When I was 14 years old I was an absolute rowing maniac. I was obsessed to the point of insanity. I wanted one thing; to compete on the world stage at the highest level. I consumed everything rowing. I was lucky enough to have a talented older sister who was competing on the world stage herself and that gave me belief that if I fed off sibling rivalry I could possibly make it too.
At the World Championships in 1991, Ireland had a real shot at getting it’s first ever world gold medal. Niall O’ Toole was a hero to all us young rowers in Ireland and he duly delivered by winning an historic title. Not only winning, but dominating. As a 14 year old watching this, I was sent into orbit. It was possible, gold medalists were not from Mars and so began my outright focus on becoming world class. Niall’s victory had justified that (I went on to become his team-mate soon after).
At the same World Championships and having watched all the races 100 times over on VCR, I noticed a very strong Canadian woman named Silken Laumann. She also won in a to and fro battle with a Romanian for the gold medal. It was so hard fought. Her name “Silken” belying a hard as nails competitor. She was up for gold at the 1992 Olympics the following year.
Disaster struck her that year. In a warm up for Essen Regatta in Germany, a regular stop on the Euro circuit, she was involved in a crash with a German pair – both boats going full tilt during warm up routines. She ended up with the German bow entering and exiting her calf muscle a mere two months out from the Games.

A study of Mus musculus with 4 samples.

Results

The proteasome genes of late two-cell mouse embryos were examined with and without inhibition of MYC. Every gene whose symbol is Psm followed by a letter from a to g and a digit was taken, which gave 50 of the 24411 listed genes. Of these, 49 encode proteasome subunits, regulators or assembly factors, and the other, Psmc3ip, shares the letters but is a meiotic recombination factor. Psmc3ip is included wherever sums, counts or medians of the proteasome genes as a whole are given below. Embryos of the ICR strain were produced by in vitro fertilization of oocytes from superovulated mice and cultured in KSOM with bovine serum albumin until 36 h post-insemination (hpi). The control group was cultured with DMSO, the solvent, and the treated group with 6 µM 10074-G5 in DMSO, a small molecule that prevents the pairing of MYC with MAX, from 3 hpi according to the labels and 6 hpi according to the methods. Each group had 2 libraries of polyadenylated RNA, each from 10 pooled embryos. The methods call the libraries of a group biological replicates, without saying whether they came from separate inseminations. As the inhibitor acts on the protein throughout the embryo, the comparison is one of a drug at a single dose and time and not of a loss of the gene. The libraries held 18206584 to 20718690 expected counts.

99% of the rowing community wrote her off. There was no way she would make it from here. How wrong we all were. Silken battled and defied every single odd to make it into the boat for Barcelona ’92. She even made it into the final. In the final she was involved in a hectic battle for bronze and emerged victorious. She had to use a walking stick to get on to the podium to receive her medal.
Hard as nails. What could ever stop this woman?
Silken spoke this week the Bells Lets Talk conference on mental health. She spoke about her battles with anxiety and depression. She spoke about how coming out about this was much more difficult and nerve wracking than being in an Olympic final. She also spoke about the difficulties facing everyone with mental health issues due to the stigma attached.
In the past, I could never have imagined that somebody with an epic story like Silken Laumann could ever suffer from mental health issues.
What I have come learn is that quite often, many great champions are constantly at war with their human side. The culture and mindset that is developed and encouraged in the sporting realm hides or drives away the human aspects of the athlete instead of embracing certain human issues that are part of the make up of that person. Shouldn’t the sporting world be tackling these issue head on – just like they do against their opposition – and not put them into the too hard basket for them to fester and do damage behind the scenes?
Mental health problems are not the realm of the weak. They are everyone’s realm. The Silken story proves the point.